The NHL came to the State of Hockey – for real – on October 21, 1967 in the form of the Minnesota North Stars when in the words of the Saint Paul Pioneer Press:
“With (a) banner crowd of 12,951, largest of the season so far among Western Division teams, looking on in shiny new Metropolitan Sports Center, the home team captured its first victory and now stands with four points out of a possible 10.”
It may have seemed like a “banner crowd” to Pioneer Press hockey writer Glen Redmond, but to a couple of close participants, North Stars’ defenseman Mike McMahon and Coach/General Manger Wren Blair, the numbers didn’t appear overwhelming: “All I can remember was going on the ice and thinking there were only 7 or 8,000 there and they seemed pretty quiet,” recalled McMahon some 42 years after the event.
Wren echoes that view in his book The Bird: “Even though we won our home opener, there were only 9,000 people in the stands…the fans who attended our games were deathly silent.”
Blair would subsequently get himself into a media brouhaha when he described Minnesota fans as “phlegmatic Swedes,” but they were more than into the NHL game by 1971-72 when it was hard to find a seat at what had come to be called “The Met.”
Minnesotans were no strangers to the game after having a culture with the sport that dated to the 1890s and it was only a matter of time until that culture would extend to the game’s highest level once the NHL doubled its size to twelve teams in 1967.
The expansion North Stars had opened the season on the road with a 2-2 tie at St. Louis in a game in which they held the lead with a minute to go. Road losses to Oakland and Los Angeles followed before tying Pittsburgh and coming home to launch NHL hockey against the Oakland Seals. The team was ripe for a good performance and they got it on the best night possible. After a scoreless first period in which they outshot their visitors 20-9, the man who would become the face of the franchise in its earliest years, Bill Goldsworthy, got the squad’s first goal, a little bit beyond the eight-minute mark of the second period.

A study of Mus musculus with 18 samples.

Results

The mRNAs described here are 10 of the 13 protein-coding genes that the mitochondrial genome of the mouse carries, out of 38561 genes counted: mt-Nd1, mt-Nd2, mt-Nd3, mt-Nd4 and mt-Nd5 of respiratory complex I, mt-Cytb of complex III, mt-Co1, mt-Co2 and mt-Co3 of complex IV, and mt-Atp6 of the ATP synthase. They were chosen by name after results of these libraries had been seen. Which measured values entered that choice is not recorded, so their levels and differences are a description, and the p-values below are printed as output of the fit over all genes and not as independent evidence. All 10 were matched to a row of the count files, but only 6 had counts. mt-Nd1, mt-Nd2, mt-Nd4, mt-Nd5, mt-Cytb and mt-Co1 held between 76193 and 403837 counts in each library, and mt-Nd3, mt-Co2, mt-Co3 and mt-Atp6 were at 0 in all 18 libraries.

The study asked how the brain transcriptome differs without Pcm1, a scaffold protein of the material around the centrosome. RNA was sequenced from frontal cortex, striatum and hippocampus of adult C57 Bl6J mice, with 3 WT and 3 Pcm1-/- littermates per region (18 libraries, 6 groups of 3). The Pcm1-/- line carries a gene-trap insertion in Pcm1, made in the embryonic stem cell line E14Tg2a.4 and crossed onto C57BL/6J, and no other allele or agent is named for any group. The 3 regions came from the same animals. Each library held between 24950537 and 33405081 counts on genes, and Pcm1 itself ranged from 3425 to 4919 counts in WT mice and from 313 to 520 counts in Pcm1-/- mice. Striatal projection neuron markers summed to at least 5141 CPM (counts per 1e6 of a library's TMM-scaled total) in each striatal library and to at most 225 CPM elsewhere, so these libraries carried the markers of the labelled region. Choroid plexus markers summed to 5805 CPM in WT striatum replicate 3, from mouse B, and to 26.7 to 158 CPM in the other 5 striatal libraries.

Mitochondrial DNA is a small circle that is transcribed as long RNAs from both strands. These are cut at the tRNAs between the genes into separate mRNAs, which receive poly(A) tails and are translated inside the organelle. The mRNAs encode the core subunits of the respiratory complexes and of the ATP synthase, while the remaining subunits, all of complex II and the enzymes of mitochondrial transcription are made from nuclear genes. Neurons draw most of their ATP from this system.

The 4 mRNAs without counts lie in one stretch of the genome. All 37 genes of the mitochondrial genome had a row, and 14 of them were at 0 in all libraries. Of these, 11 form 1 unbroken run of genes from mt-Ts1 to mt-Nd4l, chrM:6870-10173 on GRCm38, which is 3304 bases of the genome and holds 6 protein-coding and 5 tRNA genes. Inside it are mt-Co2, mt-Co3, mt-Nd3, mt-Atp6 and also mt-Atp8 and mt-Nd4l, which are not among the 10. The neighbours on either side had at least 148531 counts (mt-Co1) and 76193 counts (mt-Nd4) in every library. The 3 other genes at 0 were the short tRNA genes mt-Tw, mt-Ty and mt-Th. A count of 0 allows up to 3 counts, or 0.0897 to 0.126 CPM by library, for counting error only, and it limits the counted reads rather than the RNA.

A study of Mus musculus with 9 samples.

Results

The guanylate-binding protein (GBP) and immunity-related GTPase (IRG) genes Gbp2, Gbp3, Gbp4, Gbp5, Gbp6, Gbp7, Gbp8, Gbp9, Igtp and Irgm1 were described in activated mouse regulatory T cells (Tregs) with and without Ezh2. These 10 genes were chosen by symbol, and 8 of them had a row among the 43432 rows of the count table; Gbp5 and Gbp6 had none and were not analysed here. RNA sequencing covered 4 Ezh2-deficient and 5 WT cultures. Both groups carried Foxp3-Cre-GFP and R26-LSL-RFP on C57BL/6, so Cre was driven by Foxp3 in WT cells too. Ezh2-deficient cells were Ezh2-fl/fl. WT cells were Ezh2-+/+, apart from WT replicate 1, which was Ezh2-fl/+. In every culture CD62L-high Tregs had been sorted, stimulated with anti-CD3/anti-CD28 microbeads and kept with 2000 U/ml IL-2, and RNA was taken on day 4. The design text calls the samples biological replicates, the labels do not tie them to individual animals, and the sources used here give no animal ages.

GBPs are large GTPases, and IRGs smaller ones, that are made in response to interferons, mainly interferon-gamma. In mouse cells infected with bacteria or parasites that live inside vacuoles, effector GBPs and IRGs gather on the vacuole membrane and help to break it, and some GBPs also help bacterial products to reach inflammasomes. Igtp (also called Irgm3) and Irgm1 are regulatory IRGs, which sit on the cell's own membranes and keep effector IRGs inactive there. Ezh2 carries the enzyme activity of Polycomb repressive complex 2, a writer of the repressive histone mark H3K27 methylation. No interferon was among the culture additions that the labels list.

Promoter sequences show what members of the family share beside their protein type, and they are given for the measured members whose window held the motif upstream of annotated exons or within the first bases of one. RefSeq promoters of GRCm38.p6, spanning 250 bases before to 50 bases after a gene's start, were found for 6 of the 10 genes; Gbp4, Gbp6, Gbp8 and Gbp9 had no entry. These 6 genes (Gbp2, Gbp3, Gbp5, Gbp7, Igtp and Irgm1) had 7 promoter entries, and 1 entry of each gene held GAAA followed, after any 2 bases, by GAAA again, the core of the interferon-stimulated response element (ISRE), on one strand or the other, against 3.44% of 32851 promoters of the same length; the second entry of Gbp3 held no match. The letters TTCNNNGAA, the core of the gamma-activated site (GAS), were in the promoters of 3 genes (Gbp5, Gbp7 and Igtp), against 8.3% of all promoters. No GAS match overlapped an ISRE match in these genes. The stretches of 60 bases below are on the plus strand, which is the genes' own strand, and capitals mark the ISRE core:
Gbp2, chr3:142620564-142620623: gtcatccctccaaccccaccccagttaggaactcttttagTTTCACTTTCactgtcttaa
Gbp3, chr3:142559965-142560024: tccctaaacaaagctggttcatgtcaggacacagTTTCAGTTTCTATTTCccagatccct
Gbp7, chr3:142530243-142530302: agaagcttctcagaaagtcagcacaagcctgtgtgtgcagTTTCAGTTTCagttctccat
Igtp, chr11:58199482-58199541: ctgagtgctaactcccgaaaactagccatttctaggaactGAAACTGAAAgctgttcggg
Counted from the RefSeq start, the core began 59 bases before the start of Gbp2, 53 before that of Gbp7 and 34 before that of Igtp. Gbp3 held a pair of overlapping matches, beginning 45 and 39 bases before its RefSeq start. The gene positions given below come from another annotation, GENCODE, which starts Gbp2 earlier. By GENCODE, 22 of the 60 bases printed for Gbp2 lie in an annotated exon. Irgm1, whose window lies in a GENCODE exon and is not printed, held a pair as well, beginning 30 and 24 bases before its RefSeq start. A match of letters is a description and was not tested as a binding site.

Goldsworthy, a gifted gold scorer who would introduce “The Goldy Shuffle,” a post-goal celebratory dance, into the state’s hockey lexicon, was Blair’s best acquisition in the previous June’s expansion draft. Pioneer Press
, October 22, 1967:
“Minnesota finally broke the tie at 8:23 of the second. [Andre] Boudrias, the helmeted first-line center, picked up a loose puck just inside his blue line and deftly fed up ice to Dave Balon.
“The North Stars No. 1 draft choice sped down the right side with the rangy Goldworthy on his left and only one Seal defender was between them. Balon hit Goldy perfectly and [Charlie] Hodge didn’t have a chance on big Bill’s short chip just inside the circle.”
While Oakland would tie things up at the 16-minute mark, the Stars got two third period tallies from Ray Cullen and Balon to secure the 3-1 victory. They had put on a superb offensive performance in outshooting the Seals 53-22 and only Hodge – a former Montreal Canadiens Stanley Cup netminder – had kept the score respectable.
Minnesota went on to finish fourth in the new Western Division by the end of the season, in which all the expansion teams had been placed, and advanced to the Semifinal Round of the NHL playoffs before being eliminated.
A new chapter had been written in the State of Hockey’s history.
By the way, you may have noted the use of the word “real” in the first paragraph. That relates to the fact that the NHL did play a regular season game in Saint Paul on February 23, 1955 when the Chicago Blackhawks and the Boston Bruins played to a 3-3 tie. It just took another 12 years for the league to realize this is where they should “really” be.